GE CEO says company looking to restructure portfolio, potentially break up major divisions

General Electric is considering a wealth of options, including breaking up the company into separate divisions, following a significant charge the company received related to its legacy insurance business, CEO and Chairman John Flannery said during a conference call with analysts Tuesday, the Los Angeles Times reports.

Mr. Flannery told analysts the company is considering several options to restructure its portfolio and has not made any concrete restructuring decisions.

"We are looking aggressively at the best structure or structures for our portfolio to maximize the potential of our businesses," he said, adding a review of the company may "result in many, many different permutations, including separately traded assets really in any one of our units, if that's what made sense."

Mr. Flannery revealed tentative plans in November to restructure operations and focus on the company's aviation, energy and healthcare businesses. He also previously said GE would sell roughly $20 billion in other assets, the report states.

Sources told CNBC Tuesday GE is likely to embrace a major breakup of the company.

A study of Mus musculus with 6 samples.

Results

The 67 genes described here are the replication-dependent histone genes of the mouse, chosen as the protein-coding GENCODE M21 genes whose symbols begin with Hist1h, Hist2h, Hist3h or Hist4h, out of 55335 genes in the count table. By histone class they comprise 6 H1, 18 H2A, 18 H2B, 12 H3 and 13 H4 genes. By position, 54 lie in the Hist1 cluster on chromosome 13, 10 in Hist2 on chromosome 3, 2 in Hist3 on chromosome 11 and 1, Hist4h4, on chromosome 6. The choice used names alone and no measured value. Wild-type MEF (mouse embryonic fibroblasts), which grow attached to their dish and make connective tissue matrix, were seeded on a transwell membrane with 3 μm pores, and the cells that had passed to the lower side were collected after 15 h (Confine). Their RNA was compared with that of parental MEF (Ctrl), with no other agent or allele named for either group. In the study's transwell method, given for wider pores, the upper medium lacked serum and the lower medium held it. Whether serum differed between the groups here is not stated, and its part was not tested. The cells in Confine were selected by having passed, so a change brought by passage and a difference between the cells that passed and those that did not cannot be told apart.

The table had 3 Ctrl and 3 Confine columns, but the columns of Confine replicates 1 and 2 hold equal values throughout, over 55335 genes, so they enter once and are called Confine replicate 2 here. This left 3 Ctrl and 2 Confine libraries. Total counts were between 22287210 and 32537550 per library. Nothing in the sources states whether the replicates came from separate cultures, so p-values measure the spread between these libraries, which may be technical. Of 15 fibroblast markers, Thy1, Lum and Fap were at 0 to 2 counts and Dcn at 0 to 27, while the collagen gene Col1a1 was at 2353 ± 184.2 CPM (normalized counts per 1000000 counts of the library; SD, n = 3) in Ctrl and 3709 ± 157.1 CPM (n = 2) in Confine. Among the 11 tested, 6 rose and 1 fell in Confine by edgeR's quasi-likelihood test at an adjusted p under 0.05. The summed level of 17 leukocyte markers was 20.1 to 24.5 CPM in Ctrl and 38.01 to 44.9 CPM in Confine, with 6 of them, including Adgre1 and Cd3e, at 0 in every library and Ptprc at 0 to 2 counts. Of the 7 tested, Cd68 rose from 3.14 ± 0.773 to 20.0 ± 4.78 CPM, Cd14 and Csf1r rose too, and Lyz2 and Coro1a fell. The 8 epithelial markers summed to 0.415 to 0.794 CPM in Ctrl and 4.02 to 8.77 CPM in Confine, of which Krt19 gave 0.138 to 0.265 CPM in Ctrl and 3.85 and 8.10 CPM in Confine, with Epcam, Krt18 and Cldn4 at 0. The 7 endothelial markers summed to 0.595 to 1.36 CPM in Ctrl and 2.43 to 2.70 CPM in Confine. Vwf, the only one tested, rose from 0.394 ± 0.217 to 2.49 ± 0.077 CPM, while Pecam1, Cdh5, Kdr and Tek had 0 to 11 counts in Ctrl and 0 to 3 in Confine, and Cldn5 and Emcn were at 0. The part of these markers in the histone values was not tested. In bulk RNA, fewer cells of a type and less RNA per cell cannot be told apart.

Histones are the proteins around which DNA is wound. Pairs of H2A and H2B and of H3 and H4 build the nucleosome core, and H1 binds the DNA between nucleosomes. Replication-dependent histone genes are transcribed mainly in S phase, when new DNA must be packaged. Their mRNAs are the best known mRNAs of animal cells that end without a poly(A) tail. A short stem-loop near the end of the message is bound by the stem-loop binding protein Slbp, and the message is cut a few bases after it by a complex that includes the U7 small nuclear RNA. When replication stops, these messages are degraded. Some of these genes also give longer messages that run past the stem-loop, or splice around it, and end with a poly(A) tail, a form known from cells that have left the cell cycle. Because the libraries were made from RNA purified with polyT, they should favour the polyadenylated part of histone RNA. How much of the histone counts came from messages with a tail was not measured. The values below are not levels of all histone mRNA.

Mr. Flannery also informed analysts Tuesday GE received a $9.5 billion pretax charge related to GE Capital's North American Life & Health portfolio, according to the Los Angeles Times report. The after-tax amount, $6.2 billion, will be adjusted to $7.5 billion following the recent U.S. tax overhaul. The Los Angeles Times reports GE's finance business will pay $15 billion over a seven-year period to fill a shortfall in reserves. The company has not conducted any new business in the long-term care market since 2006, according to the report.

"Our results over the past several years including 2017 and the insurance charge only further my belief that we need to continue to move with purpose to reshape GE. We will continue to rigorously review our alternatives to deliver shareholder value, and report out to you as we make progress this spring," Mr. Flannery said Tuesday.

Editor's note: Becker's Hospital Review reached out to GE for comment and will update the story as more information becomes available.